AS Pakistan and India are taking gradual steps towards normalisation, the London-based Jammu and Kashmir Council for Human Rights (JKCHR), headed by veteran Dr Syed Nazir Gilani, has come out with a crisp but comprehensive document titled ‘Indian Action of 05 August 2019 – Engagement between India-Pakistan and Kashmir’ that gives an authentic insight into various milestones on Jammu and Kashmir dispute, aspirations of Kashmiri people, handling of the issue by Pakistan and India and implications of India’s illegal action of August 2019.
The report acknowledges that the instrument of ‘engagement’ has widely been used to secure peace and settle disputes but warned that dividends of the renewed engagement between Pakistan and India must be shared in equity and no party should be dispossessed or traded into a quid pro quo.
The contents of the report convey a vivid impression of being a neutral and objective approach towards different aspects of the longstanding issue and can provide a sound basis for formulating a realistic response to the situation arising out of Indian action of August 2019.
The report point out that as Kashmiris were waiting for a UN-supervised vote to determine their future India wronged them, raising question as to how would India and Pakistan adjust their efforts for peace, without being iniquitous to the rights movement of the people of Kashmir.
The report examines merits of the 5 August 2019 Indian action and the efforts afoot to engage each other, warning ‘any effort that remains unfair and injurious to interests of the people of Jammu and Kashmir, has no future’.
It acknowledged that Pakistan has put up strenuous efforts to expose Indian actions in Kashmir but regretted that Government and Opposition in Pakistan and Government of Azad Kashmir, in aggregate, are lost in the wilderness of confusion and euphoria on Kashmir situation has sagged as ‘we do not seem to have perfected a template to take our concerns and help for the Kashmiris to another secure and satisfactory level.
About the recent ceasefire, it says the accord has brought calm and security to the people living on both sides of cease fire line but Pakistan has to understand that there is a UN template on Kashmir and we are safe as long as we remain loyal to it.
Expressing concerns over ‘go slow’ policy at all levels in Pakistan, it assesses there has been very little and effective progress after the oral presentation of Prime Minister of Pakistan at the UN General Assembly in 2019 whereas India has not given up on punishing Kashmiri Muslims and on its plans to change the demography.
Kashmiris feel that annual speeches at the UN General Assembly, letters of Foreign Minister to UN Secretary General and to the President of the Security Council, Press Conferences, FO statements, Kashmir Committee meetings and promotion of a new culture of Webinars, are neither enough nor proportionate and pointed response to Indian action of 5 August 2019 and other actions.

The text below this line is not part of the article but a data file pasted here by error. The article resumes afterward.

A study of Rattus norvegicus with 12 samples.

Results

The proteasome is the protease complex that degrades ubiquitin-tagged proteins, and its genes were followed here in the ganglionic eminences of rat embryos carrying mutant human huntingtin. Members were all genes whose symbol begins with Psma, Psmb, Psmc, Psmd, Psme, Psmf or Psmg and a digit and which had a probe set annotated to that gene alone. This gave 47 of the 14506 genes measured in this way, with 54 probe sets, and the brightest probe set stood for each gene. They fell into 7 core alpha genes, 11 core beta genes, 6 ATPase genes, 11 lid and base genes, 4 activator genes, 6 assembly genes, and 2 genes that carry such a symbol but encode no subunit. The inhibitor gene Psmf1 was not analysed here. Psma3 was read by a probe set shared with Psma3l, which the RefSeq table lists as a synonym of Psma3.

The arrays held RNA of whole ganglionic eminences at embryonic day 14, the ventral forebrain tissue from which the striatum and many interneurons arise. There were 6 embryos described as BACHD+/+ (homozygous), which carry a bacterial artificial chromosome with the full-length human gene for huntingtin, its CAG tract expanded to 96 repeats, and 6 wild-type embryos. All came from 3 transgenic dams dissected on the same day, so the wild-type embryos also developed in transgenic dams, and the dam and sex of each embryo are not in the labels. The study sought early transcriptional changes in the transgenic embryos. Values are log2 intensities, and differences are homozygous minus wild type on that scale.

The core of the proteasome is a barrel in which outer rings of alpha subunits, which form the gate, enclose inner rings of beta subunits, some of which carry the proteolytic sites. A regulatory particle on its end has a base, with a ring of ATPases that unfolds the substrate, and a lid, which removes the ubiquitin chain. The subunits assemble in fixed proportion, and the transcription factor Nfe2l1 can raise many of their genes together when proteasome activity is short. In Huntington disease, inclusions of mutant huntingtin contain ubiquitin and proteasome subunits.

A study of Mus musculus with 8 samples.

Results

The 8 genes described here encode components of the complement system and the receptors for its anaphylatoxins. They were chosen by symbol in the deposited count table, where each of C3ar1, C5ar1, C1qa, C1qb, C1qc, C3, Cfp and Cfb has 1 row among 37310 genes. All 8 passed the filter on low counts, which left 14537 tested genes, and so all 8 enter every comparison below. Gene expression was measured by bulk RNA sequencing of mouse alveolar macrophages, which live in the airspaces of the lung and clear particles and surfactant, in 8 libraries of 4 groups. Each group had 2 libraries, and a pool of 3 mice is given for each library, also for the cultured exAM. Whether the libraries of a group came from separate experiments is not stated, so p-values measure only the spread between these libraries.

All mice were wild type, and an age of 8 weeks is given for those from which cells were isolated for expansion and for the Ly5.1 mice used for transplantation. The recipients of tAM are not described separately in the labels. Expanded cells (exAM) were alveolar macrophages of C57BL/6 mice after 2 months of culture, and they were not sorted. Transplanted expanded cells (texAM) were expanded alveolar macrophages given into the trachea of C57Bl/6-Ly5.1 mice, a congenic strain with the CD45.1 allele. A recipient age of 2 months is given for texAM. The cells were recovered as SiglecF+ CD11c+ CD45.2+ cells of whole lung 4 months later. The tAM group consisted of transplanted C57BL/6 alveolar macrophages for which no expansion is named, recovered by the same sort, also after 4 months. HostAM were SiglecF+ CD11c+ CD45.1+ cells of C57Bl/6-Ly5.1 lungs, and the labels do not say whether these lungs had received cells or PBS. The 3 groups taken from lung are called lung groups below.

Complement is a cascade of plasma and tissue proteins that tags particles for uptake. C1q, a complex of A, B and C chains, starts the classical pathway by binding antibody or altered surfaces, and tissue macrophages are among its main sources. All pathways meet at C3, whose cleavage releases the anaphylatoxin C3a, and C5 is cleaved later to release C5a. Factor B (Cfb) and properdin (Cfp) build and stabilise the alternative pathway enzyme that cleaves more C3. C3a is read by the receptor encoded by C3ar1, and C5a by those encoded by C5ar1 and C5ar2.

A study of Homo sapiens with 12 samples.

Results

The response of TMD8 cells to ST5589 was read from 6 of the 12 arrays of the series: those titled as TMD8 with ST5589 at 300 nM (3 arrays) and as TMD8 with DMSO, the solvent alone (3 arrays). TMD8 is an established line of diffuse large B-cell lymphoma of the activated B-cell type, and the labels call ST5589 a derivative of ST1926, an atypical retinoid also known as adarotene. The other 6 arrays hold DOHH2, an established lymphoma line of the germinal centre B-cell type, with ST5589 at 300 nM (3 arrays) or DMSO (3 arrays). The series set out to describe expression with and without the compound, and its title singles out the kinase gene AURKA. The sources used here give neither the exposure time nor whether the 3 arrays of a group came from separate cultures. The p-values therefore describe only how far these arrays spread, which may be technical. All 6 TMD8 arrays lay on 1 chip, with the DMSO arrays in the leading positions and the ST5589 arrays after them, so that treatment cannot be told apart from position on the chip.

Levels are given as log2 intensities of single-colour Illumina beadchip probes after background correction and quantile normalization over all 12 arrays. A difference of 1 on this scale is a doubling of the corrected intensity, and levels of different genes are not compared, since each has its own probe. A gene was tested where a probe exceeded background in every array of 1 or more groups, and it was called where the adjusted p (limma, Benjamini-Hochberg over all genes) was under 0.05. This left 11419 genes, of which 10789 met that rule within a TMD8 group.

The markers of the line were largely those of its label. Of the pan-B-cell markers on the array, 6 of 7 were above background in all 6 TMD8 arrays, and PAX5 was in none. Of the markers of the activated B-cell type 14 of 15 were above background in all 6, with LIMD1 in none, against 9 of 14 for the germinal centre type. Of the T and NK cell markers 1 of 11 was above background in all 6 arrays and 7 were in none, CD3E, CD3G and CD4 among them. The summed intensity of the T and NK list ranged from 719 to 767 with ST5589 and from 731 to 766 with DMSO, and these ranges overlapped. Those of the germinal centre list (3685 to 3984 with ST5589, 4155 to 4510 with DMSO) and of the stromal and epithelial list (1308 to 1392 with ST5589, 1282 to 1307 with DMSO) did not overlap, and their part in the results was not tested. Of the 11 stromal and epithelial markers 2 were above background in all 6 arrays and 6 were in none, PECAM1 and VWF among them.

It says neither India nor Pakistan has a right to re-set the UN compass on Kashmir as Jammu and Kashmir may be a dispute but in reality it is right of the people of Kashmir to self-determination.
It says General Musharraf failed as a leader for stepping out of the UN template and ignoring consultations.
It emphasized that in view of the Pakistan’s case at the UN, its agreements with Government of Azad Kashmir and agreements with Government of India, its political, moral and diplomatic support to the struggle of Kashmir, Pakistan should regard Indian action of 5 August 2019 as no different to Indian military intervention in East Pakistan in 1971.
India may have rushed for a quick bite on Kashmir on 5 August 2019 but it has thrown itself in a deep dark ravine and there is no exit.
As a way forward, the report proposes Pakistan to start reconnecting with countries and also help Kashmiris’ to reconnect with all those countries, who have remained fully involved in developing a UN template on resolution of the right of self-determination of the people of Kashmir.
It also proposes that a just and inclusive dialogue across the table and in accordance with the UN template on Kashmir should be part of any terms of negotiations.
Until the UN revives work on its Kashmir template, Kashmiris need credible protection and for this purpose, we can have a UN Force in Kashmir, may be adding more strength and re-organizing the role of UNMOGIP.
We hope Pakistani policy-makers would give serious thoughts to the assessment in prevailing situation and recommendations made in the JKCHR’s report.